By Huizhong Wu
A resident stands in rubble in the aftermath of the 2008 Sichuan earthquake, which claimed an estimated 69,000 lives.
Five years ago on May 12, 2008, Sichuan experienced one of the most devastating earthquakes in modern times.
Today, the affected area in the region serves as a memorial and open-air museum to those who died – everyone that is, except the thousands of children.
In a long feature published in the Telegraph, Tom Phillips explores the problems with the state-erected memorial in Beichuan, one of the areas worst hit by the earthquake. Phillips found that many residents of Beichuan and other concerned Chinese citizens are frustrated with the lack of mention of the children anywhere on the official state memorial signage.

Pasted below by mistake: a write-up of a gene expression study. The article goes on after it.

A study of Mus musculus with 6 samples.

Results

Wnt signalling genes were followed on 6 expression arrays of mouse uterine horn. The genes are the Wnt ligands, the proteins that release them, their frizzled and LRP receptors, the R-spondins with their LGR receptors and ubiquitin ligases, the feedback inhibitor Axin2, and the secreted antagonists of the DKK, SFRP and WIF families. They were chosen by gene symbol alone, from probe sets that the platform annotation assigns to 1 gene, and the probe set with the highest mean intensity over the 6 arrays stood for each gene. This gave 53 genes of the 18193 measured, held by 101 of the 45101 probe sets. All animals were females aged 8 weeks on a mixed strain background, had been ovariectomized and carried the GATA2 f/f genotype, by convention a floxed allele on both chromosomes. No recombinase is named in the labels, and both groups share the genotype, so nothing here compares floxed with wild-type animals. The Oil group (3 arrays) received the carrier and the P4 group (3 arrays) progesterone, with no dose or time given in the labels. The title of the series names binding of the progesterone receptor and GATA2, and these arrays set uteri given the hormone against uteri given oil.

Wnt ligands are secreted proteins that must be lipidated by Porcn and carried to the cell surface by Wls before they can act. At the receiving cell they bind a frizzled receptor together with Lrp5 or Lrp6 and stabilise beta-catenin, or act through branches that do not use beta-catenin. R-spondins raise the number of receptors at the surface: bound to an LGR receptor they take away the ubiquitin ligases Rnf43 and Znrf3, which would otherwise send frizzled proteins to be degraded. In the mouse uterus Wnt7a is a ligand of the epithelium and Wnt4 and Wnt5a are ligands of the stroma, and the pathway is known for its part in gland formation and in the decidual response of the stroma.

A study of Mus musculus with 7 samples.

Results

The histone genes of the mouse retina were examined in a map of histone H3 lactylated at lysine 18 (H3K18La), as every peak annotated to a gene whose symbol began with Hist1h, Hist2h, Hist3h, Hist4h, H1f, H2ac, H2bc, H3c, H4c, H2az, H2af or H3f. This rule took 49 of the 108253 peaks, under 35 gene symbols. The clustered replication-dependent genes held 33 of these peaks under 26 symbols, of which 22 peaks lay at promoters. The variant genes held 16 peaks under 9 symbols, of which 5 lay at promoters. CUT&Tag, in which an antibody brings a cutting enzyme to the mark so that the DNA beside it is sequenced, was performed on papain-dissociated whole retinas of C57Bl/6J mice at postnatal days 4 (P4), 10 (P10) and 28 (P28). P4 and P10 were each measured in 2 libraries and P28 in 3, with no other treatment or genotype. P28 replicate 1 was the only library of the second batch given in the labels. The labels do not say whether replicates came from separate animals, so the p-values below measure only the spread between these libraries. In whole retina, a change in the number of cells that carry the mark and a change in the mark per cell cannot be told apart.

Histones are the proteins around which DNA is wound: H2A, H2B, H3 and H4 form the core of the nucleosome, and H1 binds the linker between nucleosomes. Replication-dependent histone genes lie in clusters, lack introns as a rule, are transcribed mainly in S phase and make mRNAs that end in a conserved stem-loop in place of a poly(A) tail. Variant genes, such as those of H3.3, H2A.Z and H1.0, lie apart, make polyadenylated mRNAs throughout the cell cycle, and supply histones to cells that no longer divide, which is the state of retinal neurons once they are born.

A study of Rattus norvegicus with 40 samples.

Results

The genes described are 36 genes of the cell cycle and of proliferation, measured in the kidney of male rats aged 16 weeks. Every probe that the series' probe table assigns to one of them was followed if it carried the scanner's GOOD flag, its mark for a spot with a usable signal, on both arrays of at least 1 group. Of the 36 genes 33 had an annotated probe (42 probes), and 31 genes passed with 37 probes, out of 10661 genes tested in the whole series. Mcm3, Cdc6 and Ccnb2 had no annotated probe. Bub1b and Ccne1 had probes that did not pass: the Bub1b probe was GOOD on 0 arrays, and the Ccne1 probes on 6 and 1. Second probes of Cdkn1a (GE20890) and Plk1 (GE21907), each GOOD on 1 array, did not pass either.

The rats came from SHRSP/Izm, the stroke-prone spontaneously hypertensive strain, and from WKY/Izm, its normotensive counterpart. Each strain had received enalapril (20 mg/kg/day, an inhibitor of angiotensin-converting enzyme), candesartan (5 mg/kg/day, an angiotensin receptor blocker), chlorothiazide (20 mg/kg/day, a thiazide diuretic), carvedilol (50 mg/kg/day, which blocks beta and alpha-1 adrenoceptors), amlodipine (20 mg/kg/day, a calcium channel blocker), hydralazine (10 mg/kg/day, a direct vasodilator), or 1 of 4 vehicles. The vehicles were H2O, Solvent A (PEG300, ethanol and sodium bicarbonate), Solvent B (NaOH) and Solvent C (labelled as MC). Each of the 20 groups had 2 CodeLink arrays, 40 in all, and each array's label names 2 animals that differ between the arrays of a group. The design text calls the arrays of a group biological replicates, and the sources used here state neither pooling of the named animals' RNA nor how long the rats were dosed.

The memorials do go into “exhaustive” detail about government and rescue workers who perished, the article states.
Over 5,000 children were killed in the 7.9 magnitude earthquake in 2008. Most were killed by badly constructed school buildings that collapsed almost immediately.
Some have appealed to the government to publish the children’s names including the outspoken artist Ai Weiwei.
Zhou Xingrong, whose 15-year-old son was killed along with about 300 other students when the Juyuan Middle School in the nearby city of Dujiangyan fell told the Telegraph:
I feel it is so unfair. It shows a total lack of respect for the children… We asked them to build a memorial or a monument to the kids on the [school’s] old site, but instead they have turned the place into commercial buildings.